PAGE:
Resting comfortably next to religion and politics, what you put on your hot dog remains one of the most polarizing things anyone can discuss.

Sadly, we must have that discussion today, as word comes that the Detroit Tigers have dismissed their singing hot dog vendor because he chided fans who would dare put ketchup on their hot dog.

Tony Paul of the Detroit News (h/t For the Win) reports Charley Marcuse—a man known as the Singing Hot Dog Man because he, well, sings—has been fired.

Paul’s report states there is no specific cause given from concession vendor Sportservice, but he has sources who believe they know the reason:

There are rumblings the real reason was ketchup — or Marcuse’s disdain for it. Marcuse, at the ballpark and on Twitter, has been a strong crusader for only putting mustard on a frank. And some fans thought he got combative when they asked for ketchup. There were complaints filed.

Asked whether condiments actually were behind his dismissal, Marcuse was vague.

“It was general employee conduct,” he said, relaying the reason he was given. “I’ve vended the same way for the past 15 years, so there’s nothing new to any of this.”

To put a face to such villainy, we present a video of the hot dog man in action:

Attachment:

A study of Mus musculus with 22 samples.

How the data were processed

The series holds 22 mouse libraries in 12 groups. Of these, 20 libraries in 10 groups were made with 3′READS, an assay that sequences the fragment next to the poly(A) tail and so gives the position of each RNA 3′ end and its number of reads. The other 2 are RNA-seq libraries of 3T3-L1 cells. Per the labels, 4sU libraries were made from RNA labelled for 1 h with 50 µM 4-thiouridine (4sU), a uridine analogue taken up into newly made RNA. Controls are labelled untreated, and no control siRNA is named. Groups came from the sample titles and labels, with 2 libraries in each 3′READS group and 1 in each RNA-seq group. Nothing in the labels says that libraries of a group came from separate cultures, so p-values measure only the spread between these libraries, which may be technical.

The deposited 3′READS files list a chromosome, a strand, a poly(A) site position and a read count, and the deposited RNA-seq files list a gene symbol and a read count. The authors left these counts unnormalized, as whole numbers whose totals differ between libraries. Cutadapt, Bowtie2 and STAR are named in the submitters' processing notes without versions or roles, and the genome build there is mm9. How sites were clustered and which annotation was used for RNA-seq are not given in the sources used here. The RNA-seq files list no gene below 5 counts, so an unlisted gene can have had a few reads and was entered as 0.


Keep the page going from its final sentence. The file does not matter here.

Full disclosure: I’m a big ketchup guy. I put it on my burgers, eggs, hot dogs, corn dogs and anything else I can think of that might make you mad.

Look, it’s 2013, and people are putting fries on burgers. It’s time to get off our high horses and accept that some people just like their dogs with ketchup. It’s amazing that in this day and age we can still be so intolerant to one another.

It makes me sad.

And really, the lot of you who hate mustard just end up looking like a grumpy Dirty Harry (video NSFW):

With that said, Marcuse does say he has been working in much the same manner for 15 years. As Ted Berg of For the Win notes, selling hot dogs during the summer is hardly the easiest job in the world. It’s hot, boring and monotonous, unless you think outside the box and bring some spice to the job.

Perhaps Marcuse gave fans a lighthearted hard time about asking for ketchup. There’s nothing wrong with that.

However, if he stepped across the line and made them feel like they couldn’t eat their collection of pig parts in tube form like a civilized human being, he should be taken to task.

As a brief aside to this story, we should warn that it’s never a good look to have two shticks. You can be the singing guy or the mustard curmudgeon, but not both.

Fine, I will listen to you regale us with an operatic “Hot dog!” but then I want my overpriced hot dog and extra packets of ketchup, and I want them now.

When it’s all said and done, we are all just people. Some of us put ketchup on hot dogs, and some of us eat our candy bars with a fork and knife.

At some point, we just have to accept and move on. Only then can we concentrate on things that truly matter, like figuring out why everyone freaks out over beach balls at baseball games.